Maryland Gov. Martin O’Malley (D) on Monday signed an executive order that is intended to curb sprawl and that could affect every facet of growth, from where schools are placed to which roads are built to whether rural landowners are permitted to develop their property.
Over vehement objections from Republicans, farmers and some city and county governments, O’Malley invoked a 37-year-old law allowing his administration to draft a master plan for Maryland development.
To enforce the guidelines, O’Malley said his administration in coming years would leverage billions of dollars in annual state aid. Local governments that encourage dense development in existing towns and cities will be rewarded with continued funding while jurisdictions that do not limit development of farmland and open space may see their state aid reduced.
For O’Malley, the executive order amounts to a win in a policy area where a long list of Maryland Democratic governors before him have come up short. But by excluding the General Assembly from holding hearings or voting on the plan, he has attracted criticism from both sides of the aisle.
“At the heart of this is the biggest challenge that we face in our species,” O’Malley said at a statehouse news conference. “We have seen the population of this planet double in the last 40 years, the fastest doubling we have ever seen.
“There’s a reason no other state has done this: It’s not an easy conversation and it involves a lot of . . . reenvisioning about the sort of future we want to create,” O’Malley said.
Senate Republican leader E.J. Pipkin (Queen Anne’s), who has called the governor’s plan tantamount to a war on rural Maryland, characterized Monday’s order as an “unprecedented taking” of rural Marylanders’ property rights and a transparent attempt for the termed-out governor to burnish his environmental credentials for a political life after Annapolis.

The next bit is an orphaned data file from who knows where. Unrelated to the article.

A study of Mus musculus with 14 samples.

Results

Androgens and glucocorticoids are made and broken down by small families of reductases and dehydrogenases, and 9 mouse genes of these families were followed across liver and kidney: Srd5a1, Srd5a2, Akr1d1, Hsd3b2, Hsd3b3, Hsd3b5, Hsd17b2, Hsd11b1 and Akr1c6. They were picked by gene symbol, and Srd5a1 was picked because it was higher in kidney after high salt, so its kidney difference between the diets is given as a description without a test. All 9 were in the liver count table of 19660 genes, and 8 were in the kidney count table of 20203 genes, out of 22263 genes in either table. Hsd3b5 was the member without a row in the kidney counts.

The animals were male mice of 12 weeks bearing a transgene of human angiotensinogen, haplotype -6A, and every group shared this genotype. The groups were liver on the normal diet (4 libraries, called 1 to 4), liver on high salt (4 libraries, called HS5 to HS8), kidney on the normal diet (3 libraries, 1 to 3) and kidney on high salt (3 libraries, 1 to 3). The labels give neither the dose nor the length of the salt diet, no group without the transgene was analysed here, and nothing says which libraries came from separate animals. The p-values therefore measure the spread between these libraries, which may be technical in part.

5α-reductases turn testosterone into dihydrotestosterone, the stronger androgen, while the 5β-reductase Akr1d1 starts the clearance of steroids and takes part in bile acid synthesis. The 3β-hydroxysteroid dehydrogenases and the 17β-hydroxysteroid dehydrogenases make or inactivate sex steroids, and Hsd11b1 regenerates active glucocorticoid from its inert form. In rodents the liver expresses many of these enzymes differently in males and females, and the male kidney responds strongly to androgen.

“What the governor did is the height of arrogance,” Pipkin said. “We have never seen this in the state of Maryland. We have never had an executive order of this significance without a review by the General Assembly. . . . It’s all part of his national agenda to boost his personal [profile].”
O’Malley rebuffed such attacks, saying the plan will allow future generations to enjoy the same Eastern Shore, western mountains and farmland that Marylanders have today. The guideline is “not a way for the state to take away local planning and zoning prerogatives,” he said.
O’Malley tried to make light of accusations launched by conservative commentators and some tea party Republicans in the state that the effort, which he has dubbed Plan Maryland, is an offshoot of a master plan espoused by the United Nations.
This is “not part of a secret U.N. plan,” O’Malley said to some laughter from his staff and supporters, “nor do I have a transistor planted in the back of my head that is telling me from a remote planet to do this, nor does Kim Jong Il any longer tell me that this is necessary. This is something we do because of the shared reality that we have.”
But critics contend the full intent and impact of Plan Maryland cannot yet be known.
As approved Monday by O’Malley, the plan lacks criteria for evaluating whether some areas should be marked for development or open space, said Leslie Knapp, associate director of the Maryland Association of Counties.
The plan also has the potential to consolidate an extraordinary amount of power in a “subcabinet” of state officials to evaluate statewide land use policy, he said.
“We have ongoing, strong concerns,” Knapp said, adding that the counties association, historically one of the most powerful lobbying organizations in Annapolis, would “consider” supporting legislation that may address the group’s concern about the plan when the General Assembly reconvenes next year.